It wasn’t the best trip to say the least – everyone on the boat got real seasick due to the choppy seas – but the island we spend the day at was really nice. So nice in fact that it was almost impossible to believe that you were just one hour or so away from the pollution nightmare that is Jakarta.

In the late afternoon we headed back.

But about 100 meters from the shore, the boat driver eased off on the gas, and then to my incredible amazement, got up and started to chuck all sorts of rubbish left by the boat’s passengers into the sea.

Plastic bottles, coke cans, empty cigarette packets, glass bottles. Anything he could find. And a few diapers for good measure too. All this garbage was soon floating around, creating a mini cesspit of filth - not that anyone on the boat could care less of course.

Now the rubbish from one boat might not be much on its own of course. But it is when everyone’s doing it.

In fact, the problem is now so serious that rubbish in Jakarta Bay is currently accumulating at the alarming rate of 300 cubic meters per day.

And guess what?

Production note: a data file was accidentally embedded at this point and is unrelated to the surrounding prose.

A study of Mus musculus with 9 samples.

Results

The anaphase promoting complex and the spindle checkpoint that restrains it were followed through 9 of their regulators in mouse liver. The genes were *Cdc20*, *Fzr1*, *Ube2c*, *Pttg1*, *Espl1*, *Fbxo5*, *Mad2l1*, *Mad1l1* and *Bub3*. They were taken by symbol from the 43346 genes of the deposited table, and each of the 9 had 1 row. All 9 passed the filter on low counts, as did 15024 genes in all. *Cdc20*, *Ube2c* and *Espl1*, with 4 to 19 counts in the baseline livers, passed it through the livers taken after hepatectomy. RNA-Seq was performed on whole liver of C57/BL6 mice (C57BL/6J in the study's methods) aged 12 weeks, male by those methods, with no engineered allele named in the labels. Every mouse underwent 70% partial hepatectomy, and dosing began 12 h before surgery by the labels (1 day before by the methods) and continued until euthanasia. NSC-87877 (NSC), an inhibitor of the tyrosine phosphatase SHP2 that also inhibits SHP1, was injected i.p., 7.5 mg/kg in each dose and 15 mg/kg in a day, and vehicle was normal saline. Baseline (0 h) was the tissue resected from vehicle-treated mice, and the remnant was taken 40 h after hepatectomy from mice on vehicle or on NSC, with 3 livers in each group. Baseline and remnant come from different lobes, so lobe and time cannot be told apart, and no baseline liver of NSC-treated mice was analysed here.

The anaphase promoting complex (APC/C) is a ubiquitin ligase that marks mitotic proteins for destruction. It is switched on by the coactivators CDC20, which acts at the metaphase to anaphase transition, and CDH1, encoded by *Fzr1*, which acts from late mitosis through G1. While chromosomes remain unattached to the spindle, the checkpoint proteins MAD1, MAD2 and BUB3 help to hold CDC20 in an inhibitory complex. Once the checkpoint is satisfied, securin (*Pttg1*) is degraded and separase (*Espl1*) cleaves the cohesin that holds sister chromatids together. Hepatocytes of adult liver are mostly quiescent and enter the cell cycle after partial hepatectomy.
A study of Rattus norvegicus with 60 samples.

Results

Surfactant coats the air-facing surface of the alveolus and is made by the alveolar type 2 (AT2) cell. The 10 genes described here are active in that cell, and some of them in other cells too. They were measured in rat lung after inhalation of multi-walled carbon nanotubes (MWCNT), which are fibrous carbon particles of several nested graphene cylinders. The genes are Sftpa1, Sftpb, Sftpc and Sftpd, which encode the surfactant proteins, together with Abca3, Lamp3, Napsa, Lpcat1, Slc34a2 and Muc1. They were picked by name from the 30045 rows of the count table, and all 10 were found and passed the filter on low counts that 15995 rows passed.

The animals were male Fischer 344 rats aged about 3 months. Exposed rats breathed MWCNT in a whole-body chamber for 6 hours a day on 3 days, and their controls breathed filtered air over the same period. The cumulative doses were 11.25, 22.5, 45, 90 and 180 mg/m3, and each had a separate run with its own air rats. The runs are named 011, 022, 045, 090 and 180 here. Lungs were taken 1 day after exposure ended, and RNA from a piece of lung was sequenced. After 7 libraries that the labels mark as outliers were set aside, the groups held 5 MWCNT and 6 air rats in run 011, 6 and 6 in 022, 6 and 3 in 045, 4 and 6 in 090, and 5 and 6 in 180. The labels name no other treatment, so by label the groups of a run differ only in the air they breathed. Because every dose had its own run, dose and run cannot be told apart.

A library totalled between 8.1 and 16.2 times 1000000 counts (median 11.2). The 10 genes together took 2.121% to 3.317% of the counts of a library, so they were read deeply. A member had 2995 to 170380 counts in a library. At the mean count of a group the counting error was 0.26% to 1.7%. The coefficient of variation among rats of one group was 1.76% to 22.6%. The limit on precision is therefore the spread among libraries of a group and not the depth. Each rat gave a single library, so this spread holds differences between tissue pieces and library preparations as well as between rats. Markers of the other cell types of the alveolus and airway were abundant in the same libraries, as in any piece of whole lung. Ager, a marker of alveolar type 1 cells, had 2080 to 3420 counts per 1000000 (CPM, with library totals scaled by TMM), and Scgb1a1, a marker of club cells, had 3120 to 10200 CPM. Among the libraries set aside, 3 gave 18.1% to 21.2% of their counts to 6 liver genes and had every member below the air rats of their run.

According to the Jakarta Post, the rubbish is now rapidly encroaching on the Thousand Islands maritime national park.

Absolute madness.

But why do Indonesians treat their beloved country in such a way? It’s something I’ve never understood despite living here for over 10 years.

And don’t say it’s cos of poor education. It isn’t.

Just look at the junk that gets thrown out of car windows by motorists for example.

I once even saw some guy chuck out a small glass energy drink bottle that shattered in the road, narrowly missing a passing motorcyclist.

Hike to the top of one of Indonesia’s magnificent volcanoes and what sight are you greeted with apart from a breathtaking view? A mountain of Indo Mie cartons and coke cans.

And as
road junkie points out, even Bali has problems:

As it stands, locals in Kuta empty their garbage into a river that spills its contents out into the Indian Ocean during high tide. Then, the swells on Kuta Beach, Bali’s only sand bottom surf break, deposit all the garbage onto the beach. This, the most popular spot for beginning surfers, sometimes resembles a cesspool.


Time to clean up your act Indonesia!!!!